Background to iREAP™ 


The iREAP™ has been used by thousands of respondents from global multinational, local and state government through to charities and non-profit organisations. 


The instrument is built on research from traditional motivational theorists such as Maslow, McClelland, Adams and Hertzberg. It is also incorporated research from more current writers including Daniel Pink, Richard Barrett. 


The engagement and commitment factors look at engagement measures and also factors which enable or limit a person’s engagement.  The engagement measures have been derived from more contemporary research from consulting firms such as Gallup and the Corporate Leadership Council.  They have also been influenced from the practical insights gained from coaching hundreds of people to enrich their careers.


In our research multiple regression analysis revealed that the satisfaction of individual motivational factors account for 53% of the variance on the level of engagement scale


Current Research Studies


A psychometric study was conducted in 2012 to explore the validity and reliability properties of the iREAP™ tool with 756 respondents. The key elements of the that study are summarised below. 


Convergent Validity


The following scales have been identified to support analysis of convergent validity:

  1. Utrecht Engagement Scale was developed by Schaufeli, Salanova, González-Romá and Bakker (2002).  This is being used to test the construct validity of the engagement measures included in the iREAP level of engagement scale. 
  2. Work Extrinsic and Intrinsic Motivation Scale developed by Deci and Ryan (2000) is being used to test the construct validity of the various work aspects in the motivational propeller model.  This scale compares intrinsic and extrinsic motivation which can be mapped and mirrored against the various blades of the motivational propeller.


The iREAP™ tool was found to have very high correlations with these scales as strong associations existed with items measuring similar constructs.


This hypothesis was tested in a convergent validity study that collected data to prove that relationship through multiple and linear regressions.  The scales used for this purpose were:


  • Endicott Work Productivity Scale (published in 1997)
  • Work Absences scale (developed by Darviri and Woods in 2006)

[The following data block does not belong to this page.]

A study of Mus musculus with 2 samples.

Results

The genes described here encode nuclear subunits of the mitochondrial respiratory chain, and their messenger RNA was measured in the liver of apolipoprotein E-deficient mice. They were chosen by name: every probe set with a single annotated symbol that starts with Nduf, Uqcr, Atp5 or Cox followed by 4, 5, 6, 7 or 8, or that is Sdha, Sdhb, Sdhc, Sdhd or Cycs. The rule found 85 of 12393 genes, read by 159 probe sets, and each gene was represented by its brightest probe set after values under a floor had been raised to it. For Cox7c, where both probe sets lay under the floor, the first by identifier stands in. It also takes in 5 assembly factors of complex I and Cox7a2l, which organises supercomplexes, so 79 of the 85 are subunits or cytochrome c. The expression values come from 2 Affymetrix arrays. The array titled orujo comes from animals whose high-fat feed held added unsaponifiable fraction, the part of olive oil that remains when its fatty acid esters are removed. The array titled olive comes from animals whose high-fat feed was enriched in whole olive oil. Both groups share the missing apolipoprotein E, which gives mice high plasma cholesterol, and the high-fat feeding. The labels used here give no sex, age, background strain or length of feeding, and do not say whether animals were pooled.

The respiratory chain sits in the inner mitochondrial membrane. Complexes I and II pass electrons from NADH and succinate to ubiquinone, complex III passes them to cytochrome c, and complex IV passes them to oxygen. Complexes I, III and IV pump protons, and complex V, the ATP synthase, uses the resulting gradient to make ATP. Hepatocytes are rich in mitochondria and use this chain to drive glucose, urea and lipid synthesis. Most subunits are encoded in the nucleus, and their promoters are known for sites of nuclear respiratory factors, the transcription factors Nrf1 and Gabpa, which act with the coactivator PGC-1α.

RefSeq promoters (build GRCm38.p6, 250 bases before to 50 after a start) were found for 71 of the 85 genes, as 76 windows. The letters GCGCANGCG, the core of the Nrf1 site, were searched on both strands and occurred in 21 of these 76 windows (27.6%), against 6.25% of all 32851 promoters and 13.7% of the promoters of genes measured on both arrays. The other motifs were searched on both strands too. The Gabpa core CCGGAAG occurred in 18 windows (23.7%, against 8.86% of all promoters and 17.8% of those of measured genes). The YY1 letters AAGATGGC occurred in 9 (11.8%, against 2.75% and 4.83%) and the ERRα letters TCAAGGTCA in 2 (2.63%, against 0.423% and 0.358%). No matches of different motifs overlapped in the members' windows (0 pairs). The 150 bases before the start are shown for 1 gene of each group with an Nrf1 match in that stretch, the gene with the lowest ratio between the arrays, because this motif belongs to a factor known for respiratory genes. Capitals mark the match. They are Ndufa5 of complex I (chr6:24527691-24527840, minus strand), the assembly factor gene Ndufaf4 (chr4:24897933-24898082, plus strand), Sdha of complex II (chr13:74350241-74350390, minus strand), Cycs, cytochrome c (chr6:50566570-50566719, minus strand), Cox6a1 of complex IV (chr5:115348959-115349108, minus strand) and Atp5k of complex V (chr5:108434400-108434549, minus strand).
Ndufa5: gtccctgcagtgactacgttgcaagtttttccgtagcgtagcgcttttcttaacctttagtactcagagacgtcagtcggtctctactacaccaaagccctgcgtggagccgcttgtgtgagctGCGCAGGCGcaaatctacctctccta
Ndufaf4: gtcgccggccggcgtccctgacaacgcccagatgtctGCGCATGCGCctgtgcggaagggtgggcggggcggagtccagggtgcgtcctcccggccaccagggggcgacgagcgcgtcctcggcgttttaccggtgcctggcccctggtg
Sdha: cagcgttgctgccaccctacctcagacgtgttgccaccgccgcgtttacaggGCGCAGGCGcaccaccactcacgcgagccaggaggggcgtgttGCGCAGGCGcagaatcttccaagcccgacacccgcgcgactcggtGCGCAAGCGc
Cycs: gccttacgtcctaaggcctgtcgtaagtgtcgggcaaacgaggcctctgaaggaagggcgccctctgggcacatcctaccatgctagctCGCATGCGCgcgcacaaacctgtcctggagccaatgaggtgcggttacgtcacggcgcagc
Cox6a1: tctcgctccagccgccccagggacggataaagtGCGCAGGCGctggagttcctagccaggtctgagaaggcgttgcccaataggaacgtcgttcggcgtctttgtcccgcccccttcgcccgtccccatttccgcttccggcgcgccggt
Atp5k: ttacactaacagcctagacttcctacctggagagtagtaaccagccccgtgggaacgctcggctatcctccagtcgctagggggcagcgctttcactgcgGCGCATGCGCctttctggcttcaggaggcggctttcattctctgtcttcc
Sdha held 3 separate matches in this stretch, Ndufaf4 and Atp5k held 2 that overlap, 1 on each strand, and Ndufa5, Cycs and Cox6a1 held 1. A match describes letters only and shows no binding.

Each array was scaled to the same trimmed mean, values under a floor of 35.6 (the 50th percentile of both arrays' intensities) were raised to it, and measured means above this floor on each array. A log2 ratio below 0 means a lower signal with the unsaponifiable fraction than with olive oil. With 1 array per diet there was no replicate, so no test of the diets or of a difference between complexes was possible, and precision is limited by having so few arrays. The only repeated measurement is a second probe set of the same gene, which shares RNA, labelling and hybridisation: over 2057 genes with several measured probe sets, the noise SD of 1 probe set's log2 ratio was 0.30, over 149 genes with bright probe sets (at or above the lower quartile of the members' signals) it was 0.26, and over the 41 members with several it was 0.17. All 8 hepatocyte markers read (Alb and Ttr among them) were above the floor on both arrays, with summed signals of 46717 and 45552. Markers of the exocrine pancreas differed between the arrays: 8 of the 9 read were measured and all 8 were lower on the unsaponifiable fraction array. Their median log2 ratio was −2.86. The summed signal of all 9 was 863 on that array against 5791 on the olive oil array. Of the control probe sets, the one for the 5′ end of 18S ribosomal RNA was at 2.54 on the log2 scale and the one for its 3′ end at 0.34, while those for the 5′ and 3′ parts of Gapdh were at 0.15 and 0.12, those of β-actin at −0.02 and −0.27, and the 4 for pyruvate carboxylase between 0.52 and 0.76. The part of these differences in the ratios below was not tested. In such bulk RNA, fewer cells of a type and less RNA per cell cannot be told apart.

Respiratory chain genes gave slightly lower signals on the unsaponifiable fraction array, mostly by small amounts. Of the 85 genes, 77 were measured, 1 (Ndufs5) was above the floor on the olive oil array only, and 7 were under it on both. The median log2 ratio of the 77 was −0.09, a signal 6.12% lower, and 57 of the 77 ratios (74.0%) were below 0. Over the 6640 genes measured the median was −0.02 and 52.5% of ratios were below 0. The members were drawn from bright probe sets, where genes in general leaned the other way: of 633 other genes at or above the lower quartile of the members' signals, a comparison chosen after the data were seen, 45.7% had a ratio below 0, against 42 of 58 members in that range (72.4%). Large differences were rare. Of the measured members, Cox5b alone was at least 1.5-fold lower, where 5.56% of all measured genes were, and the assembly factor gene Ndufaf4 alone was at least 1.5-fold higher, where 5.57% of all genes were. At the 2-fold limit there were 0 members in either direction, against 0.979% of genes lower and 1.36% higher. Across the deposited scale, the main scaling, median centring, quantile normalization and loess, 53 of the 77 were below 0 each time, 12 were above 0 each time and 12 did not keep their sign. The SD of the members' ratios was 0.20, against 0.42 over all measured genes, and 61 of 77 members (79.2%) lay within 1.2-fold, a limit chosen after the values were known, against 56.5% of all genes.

Another study  explored the relationship between high levels of engagement and workplace burnout. To test these hypotheses, data was collected for a multiple regression and ANNOVA analysis using the following scales:


  • Work Demands scale developed by Bolino and Turnlet (2005)
  • Maslach Burnout Inventory developed by Christina Maslach (1970’s) and distributed by Mind Garden


The results of the studies proved that engagement has a significant effect on the relationships of productivity and workplace burnout.  In particular increased engagement has been proven to be strongly correlated with:


  • Increased workplace productivity
  • Reduced cynicism
  • Reduced emotional instability
  • Reduced emotional exhaustion
  • Increased professional efficacy


Face Validity


The face validity research builds on research conducted in 2011 and supports the conclusion that the iREAP™ instrument has very high face validity with 87.5% of respondents confirming the final placement in the engagement matrix as being true and correct for them.


Internal Consistency (Reliability)


The internal consistency reliability has been measured by Cronbach’s alpha for both importance and satisfaction items as well as for the engagement measures.  Alpha coefficients were all strong ranging from .707 to .908 suggesting that the tool has strong internal reliability.


Current Technical Report now available


The technical research paper that publishes the details of this study is now available. If you would like a copy of this paper then please contact us.